In a scathing public letter to Rishi Sunak, Braverman warned the government has “failed to prepare any sort of credible ‘plan B’.”
Braverman said seeing planes leave to Rwanda by Christmas 2022 was her “dream”. But despite the scheme being announced in April 2022, no migrants have been sent to the east African country amid legal disputes.
Under the scheme, asylum seekers arriving in the UK would be sent to Rwanda to have their claims processed and determined. If granted asylum, they would remain in Rwanda, a country the government argues is a “safe third country”.
But the government’s defeat is not the end of the fight, warned Aria Danaparamita, advocacy director at the Joint Council for Welfare of Immigrants.
“Our clients, many of whom were already traumatised from making their way to our shores, have lived in constant fear of being sent away to potential abuse, torture, even death. Forced resettlement, whether in Rwanda or elsewhere, is completely unacceptable,” said Danaparamita.
“We are aware that the government has contingency plans including the possibility of presenting the Rwanda plans as a treaty ratified by parliament or passing emergency legislation to sidestep our international human rights obligations. We believe that these moves are both immoral and unlawful, and will continue to fight against this government’s obscene scapegoating of people who move.”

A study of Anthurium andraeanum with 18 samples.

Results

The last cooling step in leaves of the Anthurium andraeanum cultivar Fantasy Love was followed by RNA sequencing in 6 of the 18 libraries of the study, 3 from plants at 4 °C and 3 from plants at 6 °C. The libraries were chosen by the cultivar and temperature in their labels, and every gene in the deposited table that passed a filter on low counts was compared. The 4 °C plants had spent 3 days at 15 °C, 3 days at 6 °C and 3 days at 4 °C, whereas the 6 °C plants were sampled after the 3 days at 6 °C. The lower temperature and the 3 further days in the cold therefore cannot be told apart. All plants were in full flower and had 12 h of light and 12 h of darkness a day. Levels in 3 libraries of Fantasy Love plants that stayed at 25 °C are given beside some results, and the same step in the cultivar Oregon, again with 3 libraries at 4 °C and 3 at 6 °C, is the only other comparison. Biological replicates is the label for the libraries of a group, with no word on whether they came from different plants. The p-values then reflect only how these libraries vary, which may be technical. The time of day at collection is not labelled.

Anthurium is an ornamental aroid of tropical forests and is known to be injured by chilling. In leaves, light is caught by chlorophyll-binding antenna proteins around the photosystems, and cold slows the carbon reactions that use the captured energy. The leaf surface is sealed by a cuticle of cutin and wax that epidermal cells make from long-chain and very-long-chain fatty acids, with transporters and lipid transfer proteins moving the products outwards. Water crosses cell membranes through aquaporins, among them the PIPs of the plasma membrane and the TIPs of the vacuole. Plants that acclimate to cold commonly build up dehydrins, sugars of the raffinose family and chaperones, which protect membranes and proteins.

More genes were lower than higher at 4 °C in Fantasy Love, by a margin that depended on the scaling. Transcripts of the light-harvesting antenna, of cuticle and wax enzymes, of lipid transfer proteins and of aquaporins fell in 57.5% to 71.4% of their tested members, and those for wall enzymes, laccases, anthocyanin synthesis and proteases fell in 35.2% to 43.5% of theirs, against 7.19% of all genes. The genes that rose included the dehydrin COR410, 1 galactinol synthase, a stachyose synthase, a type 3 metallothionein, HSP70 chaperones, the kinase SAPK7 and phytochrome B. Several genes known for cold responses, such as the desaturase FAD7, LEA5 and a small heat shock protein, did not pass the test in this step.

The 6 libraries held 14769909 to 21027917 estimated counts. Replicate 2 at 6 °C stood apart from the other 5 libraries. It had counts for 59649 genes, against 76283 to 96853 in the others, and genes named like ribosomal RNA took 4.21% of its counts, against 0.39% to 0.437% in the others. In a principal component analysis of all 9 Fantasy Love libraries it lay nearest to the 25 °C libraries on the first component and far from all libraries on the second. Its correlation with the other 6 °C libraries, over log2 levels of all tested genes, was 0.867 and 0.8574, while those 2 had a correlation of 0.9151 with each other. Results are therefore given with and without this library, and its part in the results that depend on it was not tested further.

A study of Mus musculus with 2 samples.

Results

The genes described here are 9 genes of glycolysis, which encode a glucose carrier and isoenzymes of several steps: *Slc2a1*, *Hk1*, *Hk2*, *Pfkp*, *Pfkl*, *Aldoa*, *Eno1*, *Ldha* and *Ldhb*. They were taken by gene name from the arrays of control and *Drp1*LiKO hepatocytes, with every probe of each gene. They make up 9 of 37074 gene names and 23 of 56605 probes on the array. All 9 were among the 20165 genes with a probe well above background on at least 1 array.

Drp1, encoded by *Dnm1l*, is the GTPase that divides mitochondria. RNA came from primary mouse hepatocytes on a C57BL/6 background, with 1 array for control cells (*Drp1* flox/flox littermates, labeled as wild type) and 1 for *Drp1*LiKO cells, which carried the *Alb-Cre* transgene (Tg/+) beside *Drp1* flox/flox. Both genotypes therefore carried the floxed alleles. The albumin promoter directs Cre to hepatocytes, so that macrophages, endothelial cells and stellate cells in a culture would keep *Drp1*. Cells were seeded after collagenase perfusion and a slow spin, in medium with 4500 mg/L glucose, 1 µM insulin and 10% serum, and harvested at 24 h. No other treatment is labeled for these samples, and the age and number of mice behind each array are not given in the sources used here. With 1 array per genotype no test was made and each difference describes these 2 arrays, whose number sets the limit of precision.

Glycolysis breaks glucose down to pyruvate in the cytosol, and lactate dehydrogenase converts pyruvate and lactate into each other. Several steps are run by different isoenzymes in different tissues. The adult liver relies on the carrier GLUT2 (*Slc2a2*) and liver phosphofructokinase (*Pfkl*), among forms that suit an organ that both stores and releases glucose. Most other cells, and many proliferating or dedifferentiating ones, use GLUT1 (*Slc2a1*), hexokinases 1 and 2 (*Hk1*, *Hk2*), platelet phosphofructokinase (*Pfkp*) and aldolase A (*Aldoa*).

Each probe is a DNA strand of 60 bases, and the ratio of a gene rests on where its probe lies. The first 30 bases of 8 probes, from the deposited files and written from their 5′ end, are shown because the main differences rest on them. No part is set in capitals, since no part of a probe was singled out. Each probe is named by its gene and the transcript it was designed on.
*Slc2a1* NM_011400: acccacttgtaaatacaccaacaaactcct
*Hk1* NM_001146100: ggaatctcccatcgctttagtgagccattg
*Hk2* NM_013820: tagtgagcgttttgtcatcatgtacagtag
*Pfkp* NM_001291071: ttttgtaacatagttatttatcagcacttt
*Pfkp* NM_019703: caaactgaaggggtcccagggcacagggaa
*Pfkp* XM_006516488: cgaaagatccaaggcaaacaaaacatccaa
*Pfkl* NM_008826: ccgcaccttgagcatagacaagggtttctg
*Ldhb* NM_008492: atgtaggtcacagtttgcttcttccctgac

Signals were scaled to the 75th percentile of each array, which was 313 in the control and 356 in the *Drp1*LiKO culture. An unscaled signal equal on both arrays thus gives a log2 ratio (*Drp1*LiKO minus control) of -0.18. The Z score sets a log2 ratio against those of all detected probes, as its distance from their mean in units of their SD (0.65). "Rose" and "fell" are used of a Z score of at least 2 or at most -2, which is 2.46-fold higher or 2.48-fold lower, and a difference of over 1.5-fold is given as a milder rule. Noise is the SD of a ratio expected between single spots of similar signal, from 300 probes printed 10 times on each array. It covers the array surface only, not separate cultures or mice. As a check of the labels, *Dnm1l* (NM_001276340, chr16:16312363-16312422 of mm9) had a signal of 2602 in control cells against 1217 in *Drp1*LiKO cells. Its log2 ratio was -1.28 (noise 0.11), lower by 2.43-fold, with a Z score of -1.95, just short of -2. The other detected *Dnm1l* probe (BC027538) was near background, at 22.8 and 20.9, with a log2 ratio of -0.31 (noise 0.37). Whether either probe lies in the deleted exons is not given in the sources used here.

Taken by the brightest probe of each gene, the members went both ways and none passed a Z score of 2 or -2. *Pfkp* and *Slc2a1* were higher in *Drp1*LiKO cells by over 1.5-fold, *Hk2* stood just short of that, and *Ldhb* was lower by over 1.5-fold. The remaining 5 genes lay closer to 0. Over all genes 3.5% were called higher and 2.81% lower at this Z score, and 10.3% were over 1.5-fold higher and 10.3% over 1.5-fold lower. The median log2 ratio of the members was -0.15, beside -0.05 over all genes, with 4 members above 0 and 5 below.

Evidence was cited that British police had been forced to warn Rwandan nationals living in the UK that the Rwandan government planned to kill them.
Widespread protests broke out ahead of the planned first flight in June 2022, which was cancelled at the last minute after an intervention from the European Court of Human Rights (ECHR).
James Wilson, director of Detention Action, said: “We welcome the decision of the Supreme Court and are deeply relieved that people seeking asylum here will not be handed over to an authoritarian regime.
“We are proud to have been one of the first claimants to bring this historic legal challenge, in solidarity with the thousands of people threatened with removal to Rwanda. We urge the new home secretary to abandon this policy altogether, rather than repeating this mistake by seeking a similar agreement with another country.”
The government has already given £140m to the Rwandan regime, and sees the scheme as key to its promise of stopping small boats crossings.